From highways to railroads, everywhere seems to be teeming with illegal migrants in Edirne. This northwestern province bordering Greece is a common route for migrants, but it is rare for migrants to arrive en masse to Edirne, hoping to sneak into Greece. More than 2,000 illegal migrants were intercepted by security forces in the province since April 4, and this new trend is attributed to rumors on social media accompanied with fake news that the border crossing will be opened for migrants traveling to Europe.Security forces work around the clock in areas near the border and in downtown Edirne and try to persuade migrants with the proper paperwork to go back to the cities they arrived from. Others without documents are accommodated at migrant centers in the province. Scenes in Edirne are reminiscent of another mass illegal migrant attempt four years ago when Syrian migrants heard rumors that European countries would admit more refugees.
Organized on social media in groups entitled "Hope Convoy" and "Journey to Hope," migrants are boarding taxis, buses and trains to Edirne, forcing security forces to patrol all roads to the province and set up checkpoints to stop migrants.
Edirne's police chief Ali Kemal Kurt told reporters yesterday that "provocative posts on social media" led to the influx of migrants. "Those people believe in rumors that Europe would open doors for migrants. We took additional measures to stop the flow and do not want anybody illegally traveling to European countries from here," he said. Kurt said they followed international guidelines to deal with the illegal migration and they "have given their all" to contain the flow of migrants. "We set up more checkpoints on the roads and are coordinating with neighboring provinces where migrants arrive to travel to Edirne. I see that our hard work paid off," Kurt said, noting that no migrant managed to travel close to the border in one week.
The mass migration movement differs from the 2015 attempt as it is mostly Afghan and Iranian migrants trying to cross into Greece this time. Social media accounts in Arabic and Farsi call those in Turkey to "march to Europe from Edirne." Last week's attempt was thwarted but administrators of some online groups instructed migrants to "wait for April 15" for a second attempt. "Erect tents near the border, and we will walk to Europe if enough people come with us," one post read. Some 70 migrants holding posters of Turkish President Recep Tayyip Erdoğan and German Chancellor Angela Merkel rallied in downtown Edirne on Monday, but police were quick to disperse the crowd and send them to migrant centers.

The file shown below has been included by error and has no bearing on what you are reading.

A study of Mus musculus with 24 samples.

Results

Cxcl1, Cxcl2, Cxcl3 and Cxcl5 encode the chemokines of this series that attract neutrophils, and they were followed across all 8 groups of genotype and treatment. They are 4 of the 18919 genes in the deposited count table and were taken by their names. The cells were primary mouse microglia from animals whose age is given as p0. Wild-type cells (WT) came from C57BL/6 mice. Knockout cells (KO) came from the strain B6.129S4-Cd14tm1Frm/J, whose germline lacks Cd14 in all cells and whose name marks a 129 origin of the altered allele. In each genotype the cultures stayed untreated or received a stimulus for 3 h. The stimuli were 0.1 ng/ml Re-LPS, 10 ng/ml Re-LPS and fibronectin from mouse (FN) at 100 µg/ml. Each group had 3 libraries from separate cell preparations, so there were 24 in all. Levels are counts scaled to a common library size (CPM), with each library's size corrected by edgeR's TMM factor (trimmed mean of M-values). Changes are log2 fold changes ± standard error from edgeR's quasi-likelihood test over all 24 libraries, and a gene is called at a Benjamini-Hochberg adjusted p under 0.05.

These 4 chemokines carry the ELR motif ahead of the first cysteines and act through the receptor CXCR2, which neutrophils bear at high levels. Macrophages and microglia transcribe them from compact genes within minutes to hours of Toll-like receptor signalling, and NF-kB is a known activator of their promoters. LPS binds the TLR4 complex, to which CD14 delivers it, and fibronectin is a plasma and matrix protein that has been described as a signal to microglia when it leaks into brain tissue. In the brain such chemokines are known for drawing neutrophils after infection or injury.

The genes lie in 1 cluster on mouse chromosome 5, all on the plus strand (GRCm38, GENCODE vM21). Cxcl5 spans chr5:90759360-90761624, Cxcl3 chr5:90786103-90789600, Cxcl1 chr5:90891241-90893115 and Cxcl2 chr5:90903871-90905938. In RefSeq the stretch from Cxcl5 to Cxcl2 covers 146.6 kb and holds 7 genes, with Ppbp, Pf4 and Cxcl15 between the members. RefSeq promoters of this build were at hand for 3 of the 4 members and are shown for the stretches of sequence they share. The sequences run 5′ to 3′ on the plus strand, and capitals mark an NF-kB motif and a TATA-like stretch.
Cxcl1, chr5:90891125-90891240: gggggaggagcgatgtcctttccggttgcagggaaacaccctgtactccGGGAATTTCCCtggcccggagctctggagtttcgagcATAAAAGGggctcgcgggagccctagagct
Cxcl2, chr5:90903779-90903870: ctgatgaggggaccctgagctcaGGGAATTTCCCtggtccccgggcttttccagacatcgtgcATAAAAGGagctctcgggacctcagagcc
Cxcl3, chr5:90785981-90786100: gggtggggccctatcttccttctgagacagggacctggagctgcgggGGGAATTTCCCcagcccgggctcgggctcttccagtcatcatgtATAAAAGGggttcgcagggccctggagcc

Elsewhere, drones fly above Edirne to detect migrants. Speaking to reporters on Monday, Ali Husseini, an Iranian migrant, said he fell for rumors that borders would be opened for migrants and arrived in Edirne. "They gave us instructions on where to convene in Edirne and what to do. They told us to convene at certain points and give flowers to police officers if the police come [to take the migrants]. Messages on social media told us to act calm, set up tents and wait, but we saw policemen everywhere and realized the news was a lie. I call upon others not to come to Edirne," Husseini said.
Similar rumors also emerged in Greece, where police intervened when crowds of illegal migrants convened near the border with North Macedonia last week. On Monday, Bulgarian Prime Minister Boyko Borisov stated that his country's border with Turkey was ready to hold back illegal migrants, but there could be problems on the border with Greece. Borisov said Bulgaria was ready to send reinforcements to the Greek border. "Our common border with Turkey is protected well because our reciprocal agreements are being implemented," Borisov said in a statement yesterday after a meeting with Krasimir Karakachanov, the nation's defense minister, and Mladen Marinov, the interior minister. Bulgaria installed a wire fence along its 274-kilometer land border with Turkey to prevent the entrance of illegal migrants.
Turkey has been the main destination for refugees trying to cross into Europe, especially since the beginning of the Syrian civil war in 2011. Every year, hundreds of thousands of migrants flee civil conflict or economic hardship in their home countries with the hope of reaching Europe. Some migrants are able to make the dangerous journey over land or sea with the assistance of smugglers, who often abandon them, especially during sea journeys, after receiving thousands of dollars from each migrant. Others are stopped by Turkish security forces before crossing the border into Europe.
123 migrants stopped off Aegean coast of Çanakkale
Coast Guard patrols in the northern Aegean Sea intercepted three groups of illegal migrants as they were heading to the Greek island of Lesbos early yesterday. No fewer than 122 Afghans and one Iranian migrant were sent to a center for migrants after they were stopped off the shores of Ayvacık, a district of Çanakkale.
In the first operation, 29 migrants were discovered aboard a rubber boat around 03:00 a.m. by patrolling Coast Guard vessels. Two hours later, security forces intercepted 29 migrants off the Sivriceburnu district and at around 07:00 a.m., the Coast Guard found 45 Afghan migrants aboard a rubber boat off the İğdeliburun coast of Ayvacık. Elsewhere, gendarme forces stopped 20 Afghan nationals as they were trying to board a boat to Lesbos.
The Ayvacık area of the Aegean Sea was where four migrants died last month when their boat sank. The migrants that perished, who hailed from Afghanistan and Iran, were trying to reach Lesbos, which lies about 10 miles away from Turkish shores. Last year, 25,398 people were stopped on the Aegean Sea en route to the nearby Greek islands while 65 people died when their boats sank.